TURNING AROUND: Beaurepaires Warwick manager Jason Duignan was concerned about the downturn at the business.
TURNING AROUND: Beaurepaires Warwick manager Jason Duignan was concerned about the downturn at the business. Elyse Wurm

Long-standing business bounces back after closure threat

BUSINESS is slowly picking up at Beaurepaires Warwick after the long-standing establishment came to an agreement regarding B-double access to the workshop.

In November, owner Jason King was concerned the business, which has been operating in Warwick for more than three decades, was staring down the barrel of closure.

Mr King said he had seen business from B-doubles practically brought to a halt with the extension of a traffic island outside the workshop on the corner of Condamine St and Albion St.

Then he learned from the Southern Downs Regional Council B-doubles were never permitted to access his business from Condamine St because it was not an approved B-double route.

But now Beaurepaires has worked with the council and the National Heavy Vehicle Regulator, who is responsible for approving B-double routes, to work out a solution.

NHVR stakeholder specialist Jason Stewart said the regulator would allow B-double access to Condamine St to the eastern boundary of Beaurepaires.

Any B-double driving beyond that will require a NHVR permit.

"Heavy vehicle drivers were concerned about crossing a single line marking around a new traffic island on Condamine St,” Mr Stewart said.

"As it was a single line, the local road managers have allowed access by any vehicle, unlike double barrier lines, which would lead to restrictions.”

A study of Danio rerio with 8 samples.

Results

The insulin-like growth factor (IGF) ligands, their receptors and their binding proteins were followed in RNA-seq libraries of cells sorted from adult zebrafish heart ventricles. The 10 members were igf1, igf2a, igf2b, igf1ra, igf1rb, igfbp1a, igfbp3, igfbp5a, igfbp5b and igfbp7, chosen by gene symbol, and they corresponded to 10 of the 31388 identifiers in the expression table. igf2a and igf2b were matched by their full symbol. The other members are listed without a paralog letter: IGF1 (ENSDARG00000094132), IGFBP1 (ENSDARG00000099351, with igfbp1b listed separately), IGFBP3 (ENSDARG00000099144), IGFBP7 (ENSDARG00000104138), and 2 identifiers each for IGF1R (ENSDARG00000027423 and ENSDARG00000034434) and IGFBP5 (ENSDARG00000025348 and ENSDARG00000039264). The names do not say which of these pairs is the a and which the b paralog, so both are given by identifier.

Beaurepaires Warwick manager Jason Duignan in front of the island that was extended in late October.
Beaurepaires Warwick manager Jason Duignan in front of the island that was extended in late October. Elyse Wurm

Mr King said allowing B-double access was a start and as long as drivers could enter and exit safely, he was happy.

"I was unsure about the white lines (around the traffic island) I didn't think I could drive over them, but it's legal to go right across to the island and go out and around,” he said.

"As long as that's safe and they can get in and out, I'm happy.”

Mr King said ultimately he would like to see the traffic island trimmed and a telegraph pole on the corner of Condamine St and Albion St, outside BP, removed as drivers currently move quite close to it.

But a simulation done by NHVR had shown B-doubles could manoeuvre around the island, he said.

Mr King said the business was no longer facing an immediate threat of closure.

"Business has picked up in other areas, we've had a few more B-doubles now that they're legal to be in here,” Mr King said.

"People have been good, a lot of people have been talking to us about it.”

Mr Stewart confirmed simulations had been used to map a safe path for B-doubles.

"We were able to use heavy vehicle simulation to ensure the swept paths of heavy vehicles would allow a left-in to the business and left-out at Albion St,” he said.

"An alternate truck route will also be put in place to allow heavy vehicles to move north after making the left-out turn from Condamine St onto Albion St.”